I love this question! I was a vet tech in a former life, and then a research assistant in physiology (now I teach English Literature, because of reasons and things). Some things to keep in mind before “too much” is even an issue: dogs release heat through their paws, and via panting. Both of these are small avenues. Add to this that they are receiving heat from the ground at closer proximity, and over more surface area, than a human. Then, add the fact that their paw pads are hairless, and therefore susceptible to burns from hot ground. To combat these issues, try to allow dogs to run on cooler surfaces (grass instead of asphalt), in shady areas, and early mornings in hotter areas. Check paw pads after each run for burns, blisters, or damaged areas.
Try to plan routes that have water for your pet to get IN, not just drink. A good dip will do them well. Gums should remain pink, but not red. This one is kinda gross, but their slobber should have a consistency similar to resting. Thicker slobber is a sign of over-heating and dehydration. Keep your dog’s anatomy in mind also. Brachiocephalic breeds should not run long distances, or in warmer weather. They simply cannot release heat well enough.
Now, aside from heat, miles matter. NO DOG under 6 months old should run more than a few miles (this is a literal few, not an ultrarunner few). Larger breeds should wait a full year. As your dog is growing, talk to your vet about your plans. The vet will keep an extra eye on how the dog’s joints are developing.
Now, for an unpopular opinion: In long distance running, it’s safer FOR THE DOG to be off leash. This allows the dog to manage its own tempo, stop at a creek for a drink or splash, dart from shady spot to shady spot. Being off-leash should be left to responsible pets and pet-owners in areas that allow for this. Check leash laws, and remember, your dog does not have the same rights as a human on the trail. Sorry. Not everyone loves your dog, nor do they have to. SO, if a leash is a must (and often times it is), be VERY aware of what your dog is wanting/needing. It may slow your run, and require you to stop at every stream, puddle, shade tree on the way. Do it. You’re responsible for that dog’s life, and the safety of the other humans around you. Phew, that was long. Sorry.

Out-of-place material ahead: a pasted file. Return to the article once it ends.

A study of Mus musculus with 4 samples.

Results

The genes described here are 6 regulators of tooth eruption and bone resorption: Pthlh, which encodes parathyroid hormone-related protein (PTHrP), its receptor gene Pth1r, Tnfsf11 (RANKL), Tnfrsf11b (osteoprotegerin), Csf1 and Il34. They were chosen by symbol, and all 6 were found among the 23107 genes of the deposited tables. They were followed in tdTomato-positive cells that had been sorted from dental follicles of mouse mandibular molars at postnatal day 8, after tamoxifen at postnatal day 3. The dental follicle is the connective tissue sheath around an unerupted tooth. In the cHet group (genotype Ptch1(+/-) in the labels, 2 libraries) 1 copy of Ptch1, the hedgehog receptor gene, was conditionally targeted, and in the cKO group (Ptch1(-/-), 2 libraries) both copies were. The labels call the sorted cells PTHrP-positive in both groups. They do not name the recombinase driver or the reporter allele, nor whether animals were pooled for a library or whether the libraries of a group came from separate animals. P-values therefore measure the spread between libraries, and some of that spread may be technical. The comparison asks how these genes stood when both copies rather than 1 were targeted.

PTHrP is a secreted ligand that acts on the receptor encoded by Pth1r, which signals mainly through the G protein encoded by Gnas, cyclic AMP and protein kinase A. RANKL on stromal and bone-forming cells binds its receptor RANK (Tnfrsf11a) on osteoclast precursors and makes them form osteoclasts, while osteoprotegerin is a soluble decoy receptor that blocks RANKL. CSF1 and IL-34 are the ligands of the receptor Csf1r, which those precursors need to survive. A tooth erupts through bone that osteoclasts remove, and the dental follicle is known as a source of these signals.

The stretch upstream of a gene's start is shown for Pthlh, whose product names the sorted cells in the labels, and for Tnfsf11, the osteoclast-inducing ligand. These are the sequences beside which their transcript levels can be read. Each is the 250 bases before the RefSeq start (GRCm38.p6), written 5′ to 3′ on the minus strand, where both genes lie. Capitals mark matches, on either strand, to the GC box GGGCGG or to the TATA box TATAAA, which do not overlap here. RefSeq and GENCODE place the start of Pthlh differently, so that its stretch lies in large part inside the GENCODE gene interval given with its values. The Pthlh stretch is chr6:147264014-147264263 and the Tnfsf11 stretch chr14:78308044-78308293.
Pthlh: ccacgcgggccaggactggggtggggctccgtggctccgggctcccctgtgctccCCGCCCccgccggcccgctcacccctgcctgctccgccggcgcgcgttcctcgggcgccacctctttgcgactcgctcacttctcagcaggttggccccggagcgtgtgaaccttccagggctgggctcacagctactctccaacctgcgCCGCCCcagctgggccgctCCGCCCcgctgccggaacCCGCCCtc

There is nothing like the sight of my trail shoes and running vest to get my dog’s tail-less rump vibrating at a million RPMs! He always wants to go; lab brains know no limits. During runs, I pack extra water, and plan routes that cross rivers and lakes so that we can both cool off and drink. Kodiak ensures that I take breaks and fully immerse myself in my surroundings!
To help keep my pup healthy and to make sure that he has plenty of time to recover, I tend to hold to a few guidelines: I keep his runs at 20 miles or less; I avoid back-to-back runs of 10 miles or more; I take him for a “recovery” walk after a longer trail run so I can observe his gait and make sure that he isn’t gimpy in any way; and I check his pads for wear and tear. If anything is off, I make sure he has some extra days to rest—sometimes that leads to some sad eyes staring after me as I head to the trails, but I know it is best for him.